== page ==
There are 2 kinds of swollen manhood: the good kind and the bad kind. The former refers to a member that swells proudly due to an influx of blood in response to a stimulation signal, making the manhood firm and tumescent and ready for sensual matters. In such cases, the swelling is often accompanied soon after by a pleasurable feeling. The bad kind is a male organ health concern, when the swelling is due to something like infection or inflammation and is often accompanied by an unpleasant feeling, namely male organ pain. One reason for this swollen male organ pain may be a condition known as cellulitis. |
A little about cellulitis
According to the Mayo Clinic, cellulitis is "a common, potentially serious bacterial skin infection (in which) the skin appears swollen and red and is typically painful and warm to the touch." In the majority of cases, cellulitis appears on the lower leg, but it can appear anywhere on the body, and there have been many cases in which it occurred on the member and/or sacks, as well as on the perineum. (The perineum is that section of the body between the sacks and the back.)
In most cases, cellulitis is caused by either the streptococcus bacteria or the staphylococcus bacteria; when in the manhood, sacks, or perineum, it is most often streptococcus. Most often, the bacteria enters the body through a crack in the skin. This may occur when there is a wound, cut, or abrasion, but it can also occur when skin is overly dry and "cracked." There have been some cases in which cellulitis has appeared in the member or surrounding regions with no clear way in (that is, no cuts, etc.). In such a case, it appears that the condition occurs due to an accumulation of lymphatic fluid. When the lymph nodes become involved, either as a source of the bacteria or because the bacteria has spread there, the condition can become serious and in some instances life threatening.
Cellulitis is often accompanied by itchiness, as well as by the aforementioned swelling, redness, and pain. Often, the redness may take on a rash-like appearance. In some cases, the swelling can be substantial.
Once cellulitis has been identified, a doctor will typically prescribe a round of oral antibiotics. Usually there is significant improvement within 3 days (although patients still need to continue treatment until the full course of antibiotics has been taken as prescribed). If a person doesn’t respond to the antibiotics, or if a high fever is present, a hospital stay may be required to treat the cellulitis more aggressively.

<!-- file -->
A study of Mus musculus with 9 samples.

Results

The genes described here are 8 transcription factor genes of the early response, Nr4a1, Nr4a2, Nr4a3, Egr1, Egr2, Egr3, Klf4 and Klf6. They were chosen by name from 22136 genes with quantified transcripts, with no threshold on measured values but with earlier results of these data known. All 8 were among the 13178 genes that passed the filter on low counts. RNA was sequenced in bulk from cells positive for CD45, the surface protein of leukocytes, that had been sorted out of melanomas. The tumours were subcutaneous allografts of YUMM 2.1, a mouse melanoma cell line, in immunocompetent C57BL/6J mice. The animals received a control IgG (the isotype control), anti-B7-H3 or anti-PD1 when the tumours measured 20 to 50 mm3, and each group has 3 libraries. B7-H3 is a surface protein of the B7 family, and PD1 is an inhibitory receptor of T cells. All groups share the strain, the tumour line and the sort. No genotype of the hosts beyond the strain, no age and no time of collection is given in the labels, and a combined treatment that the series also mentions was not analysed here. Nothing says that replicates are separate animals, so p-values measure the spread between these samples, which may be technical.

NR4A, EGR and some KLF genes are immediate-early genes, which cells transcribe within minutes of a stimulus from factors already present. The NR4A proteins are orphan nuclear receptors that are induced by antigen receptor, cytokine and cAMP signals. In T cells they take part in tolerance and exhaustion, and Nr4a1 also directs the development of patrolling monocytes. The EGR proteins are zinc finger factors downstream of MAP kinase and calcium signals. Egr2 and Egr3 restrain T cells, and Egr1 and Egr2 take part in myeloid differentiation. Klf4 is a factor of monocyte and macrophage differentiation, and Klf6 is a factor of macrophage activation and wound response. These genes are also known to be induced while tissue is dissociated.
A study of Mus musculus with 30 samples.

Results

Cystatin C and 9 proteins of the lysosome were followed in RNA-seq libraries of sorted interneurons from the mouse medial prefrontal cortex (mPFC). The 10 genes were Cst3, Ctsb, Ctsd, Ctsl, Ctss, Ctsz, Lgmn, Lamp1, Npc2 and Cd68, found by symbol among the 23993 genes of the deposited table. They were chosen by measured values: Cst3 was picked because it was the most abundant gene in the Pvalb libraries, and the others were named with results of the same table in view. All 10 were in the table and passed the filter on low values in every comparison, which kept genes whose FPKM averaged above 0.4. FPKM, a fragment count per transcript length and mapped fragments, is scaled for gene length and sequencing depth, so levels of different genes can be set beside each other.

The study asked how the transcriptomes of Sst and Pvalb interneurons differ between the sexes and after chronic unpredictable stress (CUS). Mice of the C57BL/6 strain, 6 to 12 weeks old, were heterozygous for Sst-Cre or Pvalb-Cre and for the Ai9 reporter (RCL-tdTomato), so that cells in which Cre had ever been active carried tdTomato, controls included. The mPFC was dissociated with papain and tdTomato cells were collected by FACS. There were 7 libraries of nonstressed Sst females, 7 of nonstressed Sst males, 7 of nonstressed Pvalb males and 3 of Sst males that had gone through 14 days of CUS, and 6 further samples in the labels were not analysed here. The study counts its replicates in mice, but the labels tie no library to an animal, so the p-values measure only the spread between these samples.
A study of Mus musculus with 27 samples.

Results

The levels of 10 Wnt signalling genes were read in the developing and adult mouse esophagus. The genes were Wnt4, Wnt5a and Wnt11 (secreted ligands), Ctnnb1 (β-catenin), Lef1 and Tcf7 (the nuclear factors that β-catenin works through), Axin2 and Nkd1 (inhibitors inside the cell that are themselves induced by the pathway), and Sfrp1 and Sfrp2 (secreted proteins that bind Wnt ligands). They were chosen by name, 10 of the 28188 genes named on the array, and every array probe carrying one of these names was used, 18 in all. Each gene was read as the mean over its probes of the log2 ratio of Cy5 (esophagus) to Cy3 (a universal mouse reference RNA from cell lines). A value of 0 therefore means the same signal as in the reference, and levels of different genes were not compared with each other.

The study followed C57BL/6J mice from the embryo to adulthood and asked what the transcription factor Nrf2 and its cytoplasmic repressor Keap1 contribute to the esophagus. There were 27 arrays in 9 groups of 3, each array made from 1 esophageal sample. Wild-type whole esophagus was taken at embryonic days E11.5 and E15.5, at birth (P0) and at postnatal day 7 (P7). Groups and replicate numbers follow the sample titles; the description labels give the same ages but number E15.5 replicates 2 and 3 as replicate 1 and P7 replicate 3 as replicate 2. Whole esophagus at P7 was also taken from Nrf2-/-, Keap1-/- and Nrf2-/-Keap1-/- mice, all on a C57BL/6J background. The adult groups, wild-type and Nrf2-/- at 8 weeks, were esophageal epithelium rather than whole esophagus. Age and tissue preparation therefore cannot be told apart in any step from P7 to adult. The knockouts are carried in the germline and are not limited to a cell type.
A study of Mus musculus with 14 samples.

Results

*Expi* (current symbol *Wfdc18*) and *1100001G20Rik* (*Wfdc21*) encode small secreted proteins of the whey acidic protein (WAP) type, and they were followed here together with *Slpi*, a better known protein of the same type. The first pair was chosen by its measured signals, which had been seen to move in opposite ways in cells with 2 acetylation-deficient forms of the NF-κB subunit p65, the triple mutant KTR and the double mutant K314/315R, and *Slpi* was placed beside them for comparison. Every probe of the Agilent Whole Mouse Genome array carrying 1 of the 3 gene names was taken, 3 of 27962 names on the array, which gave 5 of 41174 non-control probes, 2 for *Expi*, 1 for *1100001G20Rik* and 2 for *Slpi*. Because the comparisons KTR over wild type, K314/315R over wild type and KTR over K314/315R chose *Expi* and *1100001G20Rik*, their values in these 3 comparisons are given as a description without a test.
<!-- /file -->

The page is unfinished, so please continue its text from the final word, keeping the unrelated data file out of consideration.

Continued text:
Clearly, taking steps to prevent the male organ pain and discomfort of cellulitis is recommended. One way to do so is to check regularly for cuts or wounds and to treat them promptly, washing with soap and water and keeping a lookout for any signs of infection. Checking for overly dry skin and providing appropriate moisturization may also help. If there are cuts or openings, or if member skin is dry and cracked, a man should refrain from sensual activities until things are closer to normal.
The male organ pain and discomfort from cellulitis should be avoided, and keeping up the general health of the member can help. To that end, a man should daily apply a first-rate male organ health oil (health professionals recommend Man 1 Man Oil, which is clinically proven mild and safe for skin). It’s to a man’s benefit to find an oil that contains mighty moisturizing agents, such as shea butter (a high-end emollient) and vitamin E (a natural hydrator). Manhood skin can also be strengthened if the oil contains a potent antioxidant; alpha lipoic acid is one, and it has properties to fight damage from unwanted oxidative stress.
Visit www.menshealthfirst.com for more information about treating common male organ health problems, including soreness, redness and loss of male organ sensation. John Dugan is a professional writer who specializes in men's health issues and is an ongoing contributing writer to numerous online web sites.